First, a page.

As someone who sits as a witness with people moving through heartache and pain, I think a lot about how healing happens. I reflect often on what qualities I can bring as a counselor that will help catalyze and support healing and growth. I find myself again and again returning to the power of presence as the special ingredient that alchemizes internal divisions into integrated wholeness. And for me, presence essentially equals compassion. I have come to see that the truest act of compassion is a simple being-with and turning-toward. Pure, open presence is love in its deepest and fullest expression.
I believe my responsibility as a counselor is to facilitate the healing process of coming into presence with oneself. My commitment as a counselor is to sit in compassionate presence and to invite with a wide-open stance all of who my clients are. This includes the light and the shadow, the overtly developed and expressed parts of the self as well as the hidden or disowned parts. Through inviting my clients to bring their awareness to their emotions and their bodies, to their own felt-sense, to their gut intuition, and to their direct and immediate embodied experience, I invite my clients to tap into the wisdom of their own organism and their place in the interconnectedness of all things. Grounding our awareness into the immediacy of the body is inherently an act of communion and connection, an act of contacting the wholeness of the self. Within the facilitated space of the counseling, if I can be present with the fullness and complexity of my clients, then the invitation is there for them to consciously choose to make contact with themselves as well. One of the most moving and exciting moments for me during a counseling session is when a habitual way of thinking or being shifts for my clients in an embodied, felt-sense way. They know a new awareness of themselves from the inside-out and the emergence of this awareness allows them to experience themselves in a whole new way. All of a sudden there are possibilities and options, whereas before there were only dead-ends and stuck places.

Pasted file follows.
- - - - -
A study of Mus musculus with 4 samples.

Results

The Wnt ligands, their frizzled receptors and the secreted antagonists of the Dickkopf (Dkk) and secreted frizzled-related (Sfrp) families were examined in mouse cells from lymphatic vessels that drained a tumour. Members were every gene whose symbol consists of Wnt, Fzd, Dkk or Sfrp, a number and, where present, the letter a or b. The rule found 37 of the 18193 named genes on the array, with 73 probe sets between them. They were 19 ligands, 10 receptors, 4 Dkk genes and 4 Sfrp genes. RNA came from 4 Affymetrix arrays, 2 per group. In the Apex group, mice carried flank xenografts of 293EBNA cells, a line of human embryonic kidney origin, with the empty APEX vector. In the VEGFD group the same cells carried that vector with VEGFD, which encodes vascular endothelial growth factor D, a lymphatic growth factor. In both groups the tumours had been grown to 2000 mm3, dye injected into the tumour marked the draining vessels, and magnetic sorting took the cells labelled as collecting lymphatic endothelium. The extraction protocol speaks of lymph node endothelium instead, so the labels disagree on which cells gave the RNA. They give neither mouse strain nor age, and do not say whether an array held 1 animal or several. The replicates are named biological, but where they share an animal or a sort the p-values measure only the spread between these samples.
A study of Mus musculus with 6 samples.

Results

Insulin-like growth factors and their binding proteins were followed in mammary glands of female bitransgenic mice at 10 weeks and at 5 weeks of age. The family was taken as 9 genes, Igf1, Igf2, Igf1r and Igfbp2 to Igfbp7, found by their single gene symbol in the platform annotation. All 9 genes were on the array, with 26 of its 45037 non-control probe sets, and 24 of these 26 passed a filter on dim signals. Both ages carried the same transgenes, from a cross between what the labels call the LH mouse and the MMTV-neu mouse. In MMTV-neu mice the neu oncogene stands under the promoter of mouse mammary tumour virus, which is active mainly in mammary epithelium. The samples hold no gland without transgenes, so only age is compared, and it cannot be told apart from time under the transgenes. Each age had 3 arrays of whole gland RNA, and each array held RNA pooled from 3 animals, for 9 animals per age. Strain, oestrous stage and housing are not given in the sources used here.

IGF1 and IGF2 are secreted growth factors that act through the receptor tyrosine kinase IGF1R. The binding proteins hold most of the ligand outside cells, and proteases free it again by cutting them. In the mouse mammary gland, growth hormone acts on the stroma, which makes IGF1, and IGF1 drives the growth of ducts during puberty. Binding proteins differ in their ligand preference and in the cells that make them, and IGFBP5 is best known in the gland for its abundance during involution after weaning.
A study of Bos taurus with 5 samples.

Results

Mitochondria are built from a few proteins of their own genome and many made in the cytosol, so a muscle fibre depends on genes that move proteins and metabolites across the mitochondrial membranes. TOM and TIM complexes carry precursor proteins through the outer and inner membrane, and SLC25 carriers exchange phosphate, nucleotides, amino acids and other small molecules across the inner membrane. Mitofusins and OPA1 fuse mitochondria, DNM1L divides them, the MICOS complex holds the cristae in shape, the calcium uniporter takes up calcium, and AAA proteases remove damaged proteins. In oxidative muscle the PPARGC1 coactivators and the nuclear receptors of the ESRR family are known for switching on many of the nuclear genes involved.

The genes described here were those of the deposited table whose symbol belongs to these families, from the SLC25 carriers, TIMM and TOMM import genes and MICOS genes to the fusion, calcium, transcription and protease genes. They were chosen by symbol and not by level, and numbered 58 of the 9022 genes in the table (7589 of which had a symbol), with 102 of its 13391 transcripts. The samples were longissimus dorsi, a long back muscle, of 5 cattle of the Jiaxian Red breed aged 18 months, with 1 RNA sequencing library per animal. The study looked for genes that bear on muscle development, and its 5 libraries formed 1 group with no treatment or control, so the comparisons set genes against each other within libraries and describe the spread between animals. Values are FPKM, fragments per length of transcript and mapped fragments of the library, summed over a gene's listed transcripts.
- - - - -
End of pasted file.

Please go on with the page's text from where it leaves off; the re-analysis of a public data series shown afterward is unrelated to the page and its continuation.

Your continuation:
Consider an eddy in a stream. Eddies can be created when there is a build-up of leaves, twigs and stones in some portion of the stream. Sometimes an eddy forms because of the particular positioning of large rocks. When the flowing water meets the obstacle or enters the tight space, the current swirls back on itself and creates a whirlpool effect. Our habitual patterns of mind and behavior are like this. As children, all of us in some ways experienced challenging, wounding or traumatic circumstances in our families and cultures. In response to such circumstances, we naturally developed ways of coping and surviving. We created fortifications within our riverbeds, so to speak, to protect ourselves from life events that we had no control over. As children, these coping strategies helped us to survive and get our basic needs met. As adults, however, we often outgrow these strategies, and they eventually have the same effect of a blockage in a stream, keeping us stuck in one place, unable to expand and grow and flow with the movement of our lives.
We can help restore the flow of the river by bringing presence to all those areas within ourselves where there is an eddy, to all of those places of blockage and pain. The more we can really be with those places and get to know them intimately, to feed them the acceptance and understanding for which they have always yearned, the more their fixed solidity begins to dissolve organically. In this way, clients can begin to relate to their experience in new ways, and ultimately begin to access parts of themselves that had once been hidden or denied.
For perhaps beneath the build-up of twigs and leaves there also lies a treasure, an essential aspect of ourselves that we buried to keep protected. Perhaps it would have meant risking the rejection of our parents, or ridicule from our social group or culture, if we were to reveal this precious treasure as children. In order to meet the basic need for acceptance, we hid it in a safe place until a time when we would have developed enough strength and support in ourselves and our surroundings, through years of experience and the trial and error of our choices, to remove those fortifications and to reclaim those innate and vital pieces of ourselves.
As we bring more awareness and presence to our immediate experience, we begin to heal fissures in our capacity to flow with life and to relate to ourselves and the ever-changing worlds that we live within. If we can be with our sadness, with our fear, even with our shame, we are truly embodying inclusivity and offering an invitation to our whole being to simply be. If we really remain in the present moment, still, without fleeing or pushing or clinging, then the constructed walls obscuring our heart and distorting our vision begin to melt away. From this place, authentic contact with ourselves and all beings becomes possible. From this place, we may shed what no longer serves our well-being, and reclaim that which is truly essential to who we are. To be present to embodied experience means to be operating from a place of love and compassion. Integration and the capacity to connect are initiated the moment we turn toward our experience and return to presence. For here, in this moment, we are whole. Presence awaits in the pulse of life; each breath offering itself as a reminder to come home.